If you are experiencing infertility, don’t wait to see a fertility specialist. Sometimes a simple, non-surgical diagnostic tool, such as an HSG X-ray, can give you the answers you need to take control of your fertility.
Hysterosalpingogram (HSG) is a radiology procedure that can help determine the cause of female infertility.

HSG can diagnose Fallopian tube blockages, uterine fibroids, congenital abnormalities in the uterus, polyps, and uterine scar tissue that may be hindering conception.

What happens during an HSG X-ray?

The test is typically performed in the radiology department of a hospital. You’ll lie on a table as you would for a regular PAP test, and a speculum is inserted into your vagina. A water- or oil-based contrast solution is injected through the cervix into the uterus. This path of this liquid contrast is what will show up on the x-ray image, indicating any blockages or anomalies.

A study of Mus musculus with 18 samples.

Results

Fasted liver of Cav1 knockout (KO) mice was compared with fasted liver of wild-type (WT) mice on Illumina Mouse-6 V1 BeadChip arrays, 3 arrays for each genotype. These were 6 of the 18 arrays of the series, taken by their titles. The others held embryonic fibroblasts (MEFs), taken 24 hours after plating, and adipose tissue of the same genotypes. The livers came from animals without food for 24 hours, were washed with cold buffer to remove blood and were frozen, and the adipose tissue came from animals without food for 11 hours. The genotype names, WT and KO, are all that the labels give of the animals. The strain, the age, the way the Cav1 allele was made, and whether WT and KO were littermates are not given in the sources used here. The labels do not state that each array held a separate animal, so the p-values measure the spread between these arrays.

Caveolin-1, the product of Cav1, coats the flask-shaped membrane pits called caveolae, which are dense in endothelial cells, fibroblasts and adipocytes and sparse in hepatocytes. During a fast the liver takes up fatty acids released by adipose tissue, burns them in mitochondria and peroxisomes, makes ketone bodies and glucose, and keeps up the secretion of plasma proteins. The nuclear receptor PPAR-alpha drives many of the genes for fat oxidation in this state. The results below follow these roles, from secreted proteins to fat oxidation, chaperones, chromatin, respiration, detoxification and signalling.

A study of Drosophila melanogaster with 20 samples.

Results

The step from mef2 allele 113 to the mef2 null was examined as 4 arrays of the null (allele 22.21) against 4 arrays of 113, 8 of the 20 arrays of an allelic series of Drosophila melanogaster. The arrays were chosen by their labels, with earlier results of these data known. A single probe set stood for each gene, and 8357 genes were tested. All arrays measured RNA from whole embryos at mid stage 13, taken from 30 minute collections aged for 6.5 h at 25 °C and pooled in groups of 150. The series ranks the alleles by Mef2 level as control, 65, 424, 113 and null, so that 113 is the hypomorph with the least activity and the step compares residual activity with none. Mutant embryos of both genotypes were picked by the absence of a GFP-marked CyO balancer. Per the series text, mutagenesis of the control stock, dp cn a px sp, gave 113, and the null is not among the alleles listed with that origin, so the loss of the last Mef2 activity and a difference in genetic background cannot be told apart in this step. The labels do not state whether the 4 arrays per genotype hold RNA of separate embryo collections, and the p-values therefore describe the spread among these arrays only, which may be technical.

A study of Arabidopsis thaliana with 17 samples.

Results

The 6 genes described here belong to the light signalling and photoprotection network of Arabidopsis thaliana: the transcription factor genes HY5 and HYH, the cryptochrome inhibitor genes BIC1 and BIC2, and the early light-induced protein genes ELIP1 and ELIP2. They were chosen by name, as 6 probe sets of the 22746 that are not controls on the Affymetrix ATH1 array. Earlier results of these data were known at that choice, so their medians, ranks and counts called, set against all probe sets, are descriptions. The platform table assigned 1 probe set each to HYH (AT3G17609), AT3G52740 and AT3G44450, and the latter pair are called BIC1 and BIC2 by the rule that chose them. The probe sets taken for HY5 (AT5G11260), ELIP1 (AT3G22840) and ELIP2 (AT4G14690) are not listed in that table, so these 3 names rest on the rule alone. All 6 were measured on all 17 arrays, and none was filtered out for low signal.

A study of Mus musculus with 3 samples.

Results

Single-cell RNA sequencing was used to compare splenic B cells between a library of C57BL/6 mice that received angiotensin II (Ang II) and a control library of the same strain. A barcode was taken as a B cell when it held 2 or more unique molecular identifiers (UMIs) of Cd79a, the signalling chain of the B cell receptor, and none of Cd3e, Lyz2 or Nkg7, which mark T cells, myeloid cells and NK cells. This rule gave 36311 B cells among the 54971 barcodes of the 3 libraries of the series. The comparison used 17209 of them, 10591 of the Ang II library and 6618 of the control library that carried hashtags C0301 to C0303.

During a normal HSG result, the image will show the funnel-shaped uterus filled with fluid, with the fluid passing through both the left and right Fallopian tubes and spilling out into the abdominal cavity.

During an abnormal result, the fluid will stop at a blockage in the tube, or if the blockage is at the ovary end of the tube, it will fail to spill out into the abdominal cavity. In cases of uterine fibroids, polyps, or scarring, the x-ray will show the fluid moving around the edges of the obstructions.

In a small percentage of patients, the flushing of the tubes with fluid during HSG actually clears an obstruction, increasing their chances of getting pregnant after the procedure.